Our guest blogger is Eric Dammann, clinical psychologist and financial coach in NYC.
Financial denial can be so harmful to my clients. It works in the background, and often goes unnoticed until it’s too late. What is denial? It’s a defense mechanism we use to protect ourselves from unpleasant emotions and thoughts. Defense mechanisms are not only important to our emotional survival, but necessary. With all of the disturbing news coming at us every day (climate change, global economic crises, terrorism), we need a defense to fight the overwhelming chaos of the world. The challenge is when defense mechanisms become the only means we have to deal with difficulties; and when it comes to our finances denial is a ticking time bomb.
What We Don’t Know CAN Hurt Us
For example, millions of Americans are afraid to learn what their credit score is. They expect the truth to be uncomfortable, so they avoid knowledge. And what we don’t know CAN hurt us – badly, in the form of thousands of dollars wasted on a higher interest rate for a mortgage or car loan. A credit score represents financially stable behaviors, like paying bills on time and also simple things like living in the same place for a long time. Tackling the behaviors one at a time can lead to a much healthier score, can feel really gratifying, and save money easily.
Are You in Denial?
Denial is sneaky and not easily detected. Here is what to look for;
- The “ostrich effect”—not opening credit card or bank statements when they come. If you’ve got a pile that hasn’t been touched in months, this means you.
- Using the fact that disaster has yet to strike as evidence that you’re OK. Like not going to the doctor for 30 years, and justifying it because “nothing’s happened yet.”
- Hiding money issues from your partner or family. If you’re hiding your financial information, you’ve likely got a problem.
- Magical thinking, or belief that tomorrow will be better without any rational reason to believe so This also covers “it won’t happen to me” thinking.
- Lengthy rationalizations for spending. When we are spending wisely and with purpose, the reasoning behind it is crystal clear.
- Increasing debt over the past few years for no clear reason.
- Exhibiting anger or blaming others when confronted is another tell-tale sign that we’re caught in the web of denial.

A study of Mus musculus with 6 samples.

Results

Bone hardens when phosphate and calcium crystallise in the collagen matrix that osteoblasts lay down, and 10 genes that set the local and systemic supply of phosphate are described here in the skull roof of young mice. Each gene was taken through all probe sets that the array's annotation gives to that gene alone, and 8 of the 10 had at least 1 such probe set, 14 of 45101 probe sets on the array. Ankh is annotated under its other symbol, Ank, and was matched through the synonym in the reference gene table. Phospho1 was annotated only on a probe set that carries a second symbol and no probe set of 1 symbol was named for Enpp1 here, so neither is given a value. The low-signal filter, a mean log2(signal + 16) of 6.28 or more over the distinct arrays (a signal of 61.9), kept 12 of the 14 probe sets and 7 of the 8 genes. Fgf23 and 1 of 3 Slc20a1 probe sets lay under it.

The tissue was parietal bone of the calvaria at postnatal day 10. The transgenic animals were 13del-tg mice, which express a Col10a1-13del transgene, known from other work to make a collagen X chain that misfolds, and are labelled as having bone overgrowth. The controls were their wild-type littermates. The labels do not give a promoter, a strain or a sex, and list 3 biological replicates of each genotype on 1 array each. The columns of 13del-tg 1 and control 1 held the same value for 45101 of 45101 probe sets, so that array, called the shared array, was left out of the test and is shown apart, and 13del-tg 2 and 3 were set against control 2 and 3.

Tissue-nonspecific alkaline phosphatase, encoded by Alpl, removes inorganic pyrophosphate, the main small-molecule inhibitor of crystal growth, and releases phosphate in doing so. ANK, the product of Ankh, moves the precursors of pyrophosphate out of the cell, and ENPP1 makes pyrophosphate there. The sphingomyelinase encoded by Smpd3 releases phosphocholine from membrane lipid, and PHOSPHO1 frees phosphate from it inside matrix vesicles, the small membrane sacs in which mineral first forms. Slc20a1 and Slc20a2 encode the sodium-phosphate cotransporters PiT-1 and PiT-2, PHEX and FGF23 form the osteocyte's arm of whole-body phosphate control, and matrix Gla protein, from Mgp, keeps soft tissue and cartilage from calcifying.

Tackle Denial to the Ground
The hardest first step is admitting the issue. What comes next is much less painful than most people imagine. In fact, the feeling of empowerment and control that results from addressing rather than denying these issues is well worth the effort. Relief sets in. The burden lightens and success seems possible. Denial is a formidable foe, but with the right tools and support, it’s a river that you can cross and never have to look back.
Related Topic: Willful Money Blindness & Social Pressures
Information shown is for illustrative purposes only and is not intended as investment, legal or tax planning advice. Please consult a financial adviser, attorney or tax specialist for advice specific to your financial situation. Behavioral Cents, LLC and any third parties listed, linked to or otherwise appearing in this message are separate and unaffiliated and are not responsible for each other’s products, services or policies.
Carrie Rattle is Founder of BehavioralCents.com and a veteran executive of financial services. She works with women to build money confidence and change their money behaviors for the better – without deprivation. She works side by side with them to fight the tide of daily temptation and reach their dreams. Women gain control and feel comfortable making their own wise money decisions. Thoughts always welcome: email@example.com.
Carrie Rattle is a Principal at BehavioralCents.com, a website for women focused on mind and money behaviors. She has worked in the financial services industry for 20+ years and hopes to inspire women to better prepare themselves for financial independence.